ADC - Base Driving Privlieges





1. Your commander may revoke or suspend your on-base driving privileges under AFI 31-204 for moving traffic violations, assessment of points on-base, and driving while intoxicated or refusing to submit to a breath test. This fact sheet is designed to give you information concerning your rights and options if your commander should decide to do so.

2. If either the Wing Commander or his designee, the Support Group Commander, elects to suspend or revoke your on-base driving privileges, they must comply with certain procedures under AFI 31-204. These steps are laid out and include giving written notice of intent to revoke, and offering an opportunity to respond in which you can present evidence on your behalf. In cases involving a DWI, commanders are empowered to immediately suspend your driving privileges.

3. It is generally a good idea to respond in writing and present the evidence you have. This might include statements from witnesses to show that you did not commit a traffic violation, statements from co-workers to show you are safety conscious on the job, or court records to show that a particular citation has been nullified, revoked or withdrawn. You should route any written presentation through your chain of command to the Support Group Commander, 2 SPTG/CC, via the Reports and Analysis Section of the Security Forces Squadron, 2 SFS/SPAR. If you have any questions about where to bring your documents or the status of your case, call SPAR at 6-4270.

4. After your written presentation, the Support Group Commander will decide whether or not to revoke your driving privileges and your military driver's license. If he does, you have the right to appeal that decision within 10 duty days. To submit an appeal, you need to gather together any statements or documents that may not have been considered at first. Then attach them to your appeal statement indicating why your base driving privileges should not be revoked and forward the package through your chain of command to the Support Group Commander.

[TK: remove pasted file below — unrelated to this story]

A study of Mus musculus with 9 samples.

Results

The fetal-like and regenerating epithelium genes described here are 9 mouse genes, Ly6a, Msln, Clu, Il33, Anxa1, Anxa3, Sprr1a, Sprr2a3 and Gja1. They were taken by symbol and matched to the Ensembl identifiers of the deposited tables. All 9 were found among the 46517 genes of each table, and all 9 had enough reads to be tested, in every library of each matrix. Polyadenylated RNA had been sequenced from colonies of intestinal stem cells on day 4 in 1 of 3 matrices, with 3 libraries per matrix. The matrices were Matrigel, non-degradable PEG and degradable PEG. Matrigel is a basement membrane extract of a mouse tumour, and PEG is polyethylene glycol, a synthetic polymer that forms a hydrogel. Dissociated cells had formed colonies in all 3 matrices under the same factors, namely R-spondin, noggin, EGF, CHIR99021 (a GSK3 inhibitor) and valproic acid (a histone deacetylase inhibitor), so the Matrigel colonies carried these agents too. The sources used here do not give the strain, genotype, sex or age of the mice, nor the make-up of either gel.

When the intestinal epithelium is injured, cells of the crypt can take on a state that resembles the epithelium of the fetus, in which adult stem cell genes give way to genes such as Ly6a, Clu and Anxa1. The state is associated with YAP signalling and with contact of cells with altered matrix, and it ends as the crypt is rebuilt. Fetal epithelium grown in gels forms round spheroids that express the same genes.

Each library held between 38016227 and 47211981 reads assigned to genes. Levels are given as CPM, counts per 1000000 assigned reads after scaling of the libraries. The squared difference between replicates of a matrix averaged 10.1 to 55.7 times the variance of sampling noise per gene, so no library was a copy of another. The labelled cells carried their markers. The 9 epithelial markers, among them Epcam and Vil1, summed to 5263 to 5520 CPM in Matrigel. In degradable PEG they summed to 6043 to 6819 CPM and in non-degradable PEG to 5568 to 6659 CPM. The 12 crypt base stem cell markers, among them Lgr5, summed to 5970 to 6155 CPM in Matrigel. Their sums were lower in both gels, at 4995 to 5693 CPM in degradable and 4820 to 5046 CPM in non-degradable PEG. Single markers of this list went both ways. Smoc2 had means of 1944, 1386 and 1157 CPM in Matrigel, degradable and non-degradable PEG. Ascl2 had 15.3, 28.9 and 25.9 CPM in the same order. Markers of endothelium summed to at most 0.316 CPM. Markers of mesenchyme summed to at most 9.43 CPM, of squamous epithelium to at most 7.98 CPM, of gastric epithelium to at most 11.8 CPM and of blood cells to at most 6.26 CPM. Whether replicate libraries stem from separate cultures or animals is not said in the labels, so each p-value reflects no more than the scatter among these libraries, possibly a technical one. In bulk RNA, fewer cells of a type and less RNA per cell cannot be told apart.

5. The support Group Commander may defer execution and grant a restricted driving privilege or a probation if he determines that suspension or revocation would result in an adverse military mission impact, unusual family hardship, or be detrimental to the effectiveness of an ongoing drug or alcohol rehabilitation program. You may, for example, wish to request limited driving privileges to be able to drive to and from work only, or to transport your dependents to and from medical appointments or child care. The limitations of the restricted driving privilege (authorization to drive to and from place of employment/duty, and/or selected installation facilities, i.e., hospital, commissary within specified time period) and conditions of the probation will be specified in writing and provided to you, if approved.

6. Most people have their driving privileges revoked because of DWI. It does not matter whether the DWI occurs on-base or off-base. As soon as the Security Forces learn of a DWI (and they usually learn about all of them from civilian police departments), your privileges will be revoked.

7. Bottom line: You have little chance of getting even limited driving privileges restored through the presentation process. Unless you cannot do the mission or have a true family problem, you will have to get a ride to work or walk. It is a great inconvenience for one year, but the attitude is that DWI is very serious and you should have known better.

8. Read the revocation letter very carefully. You don't automatically get your privileges back after the period of revocation or suspension expires. You must request approval to drive again. Don't start driving without approval, even if your suspension says its okay. Don't think you can sneak onto base just once either. Many individuals have been caught driving again and have been given Article 15s for violating the commander's order not to drive on base. Don't risk it.